What do I need to consider before refinancing?

Given current market conditions, refinancing could be a great way to take advantage of record low rates. Unfortunately for borrowers, the tight credit conditions have given rise to a higher loan-to-value requirement. This means most lenders are requiring that you have at least 30% equity in the home. Before you head to your lender to start the refinance process, there are a number of things to think about.

Shop for the best rate

Your lender may be able to waive a few fees and the process might go quicker, but just a 1.00% drop in interest rate can make a dramatic difference in your payments as well as in the interest paid over the life of the loan. On a $200,000 30-year loan, a rate of 5.00% compared to 6.00%, you can save more than $45,167 in interest over the loan term.

But refinancing can also be more costly than you might have guessed. You need to consider all the cost factors before you make the decision to refinance, including origination fees, points, documentation and processing fees—all of which can add up to thousands of dollars.

Shop for the lowest closing costs

One area that can save you money is closing costs. While rates may be fairly similar from lender to lender, closing costs can vary dramatically. You can save money by shopping around for the lowest closing costs. It's a good idea to ask each lender for a Good Faith Estimate. This document will outline the potential fees if the loan closes with that lender. Compare them side by side to identify the potential savings. Ask about and look at the APY vs. the APR. The closer these two rates are, the lower the closing costs are.

Keep in mind that shopping for a lower closing cost may mean that you don't get the rock bottom rate at the time. Compare the out-of-pocket closing cost to how much lower the rate are you getting. For instance, you might have to pay one percent point in fees in order to get the loan to get a lower rate.

Refinance for the same or lower term (30 years vs. 15 years)

Interest rates have a tremendous impact on your payment amount. A two-percentage-point drop in rates can mean quite a bit of extra money in your pocket each month if you refinance. But before you jump into another thirty-year loan, consider shorter-term home loan refinancing. Your payment may remain relatively unchanged, but you could pay off your home sooner and save thousands of dollars in interest in the long run.

Let's assume you have a $150,000 mortgage financed at 8% for thirty years and that your monthly payment is $1,100.65 (excluding taxes and insurance). If you refinance the same loan amount at 6%, your payment will drop to $899.33 per month. But if you decide to refinance for fifteen years at a rate of 5.8%, your monthly payment increases to $1,249.63. But you will shave 15 years off of the repayment, which means a savings of more than $98,000 in interest. In some real estate markets, these savings would buy a second house!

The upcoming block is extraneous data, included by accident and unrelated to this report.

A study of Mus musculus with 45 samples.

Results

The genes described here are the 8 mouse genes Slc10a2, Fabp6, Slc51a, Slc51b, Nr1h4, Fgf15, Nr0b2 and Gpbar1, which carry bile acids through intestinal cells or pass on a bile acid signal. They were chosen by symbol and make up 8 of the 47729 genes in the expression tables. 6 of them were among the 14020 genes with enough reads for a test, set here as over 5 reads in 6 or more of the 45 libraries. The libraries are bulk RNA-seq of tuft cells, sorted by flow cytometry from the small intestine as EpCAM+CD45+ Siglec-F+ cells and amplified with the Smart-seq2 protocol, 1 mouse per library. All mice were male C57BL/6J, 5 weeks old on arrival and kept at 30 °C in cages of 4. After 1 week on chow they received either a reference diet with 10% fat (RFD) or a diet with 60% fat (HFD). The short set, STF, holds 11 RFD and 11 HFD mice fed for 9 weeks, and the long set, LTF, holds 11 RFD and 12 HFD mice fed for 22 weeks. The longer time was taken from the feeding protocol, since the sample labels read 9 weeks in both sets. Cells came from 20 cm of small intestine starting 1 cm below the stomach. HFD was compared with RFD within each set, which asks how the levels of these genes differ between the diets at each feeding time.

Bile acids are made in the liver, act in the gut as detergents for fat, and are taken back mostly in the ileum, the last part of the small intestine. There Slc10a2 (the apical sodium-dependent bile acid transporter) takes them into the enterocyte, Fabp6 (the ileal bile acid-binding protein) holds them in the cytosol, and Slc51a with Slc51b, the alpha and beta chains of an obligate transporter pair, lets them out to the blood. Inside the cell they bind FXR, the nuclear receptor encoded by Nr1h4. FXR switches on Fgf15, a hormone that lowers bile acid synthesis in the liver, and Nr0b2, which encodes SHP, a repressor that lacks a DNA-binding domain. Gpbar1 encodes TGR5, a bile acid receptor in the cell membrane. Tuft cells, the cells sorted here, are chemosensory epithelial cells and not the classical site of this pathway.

Alternatively, you could refinance for 30 years, but treat the loan like a 15-year loan by making the 15-year payments that are usually listed on the statement. It will take some discipline, and you will have a slightly higher rate than the 15-year mortgage. What it will give you, though, is flexibility. Make the 15-year payment every month, but if in any given month you need the extra cash for an emergency, make the normal 30-year payment. Then jump back on the 15-year payment amount the following month.

By avoiding these mistakes, and by being diligent throughout the transaction, you could save thousands of dollars.

Refinancing to drop Private Mortgage Insurance (PMI)

If you are one of the many homeowners who did not make a down payment of 20%, you might have PMI or Mortgage Insurance Premium (MIP) on your loan. Refinancing is one way to eliminate PMI if your loan amount is 80% or less of your home's value. If your home is valued at, say, $100,000, then your loan amount must be less than $80,000. Many people rush out to refinance the minute they think they may have 20% equity.

But be careful. Home loan refinancing can be an expensive experience, at least in the beginning. If the appraisal of your home does not reflect a Loan-To-Value (LTV) of 80%, you are no better off than you were—and you've likely paid a few hundred dollars for a worthless appraisal. Before you order an appraisal, talk to an appraiser. Though they cannot guarantee an appraised value, they can usually give you a ballpark figure that can help you decide whether it is worth the risk to pursue it.

If you determine that it does not make sense for you to refinance at this point, consider taking out a home equity line of credit (if available in your state). You can use this home equity line of credit to payoff and manage higher cost consumer and credit card debt. This will allow you to take advantage of a tax deduction on your home equity line if it's less than $100,000. For example, if you have credit card debt that's costing you say 12%, you can instead use your equity line to pay off that debt likely at a lower rate, say 6%. Not only that, the interest paid on the home equity line is deductible up to $100,000.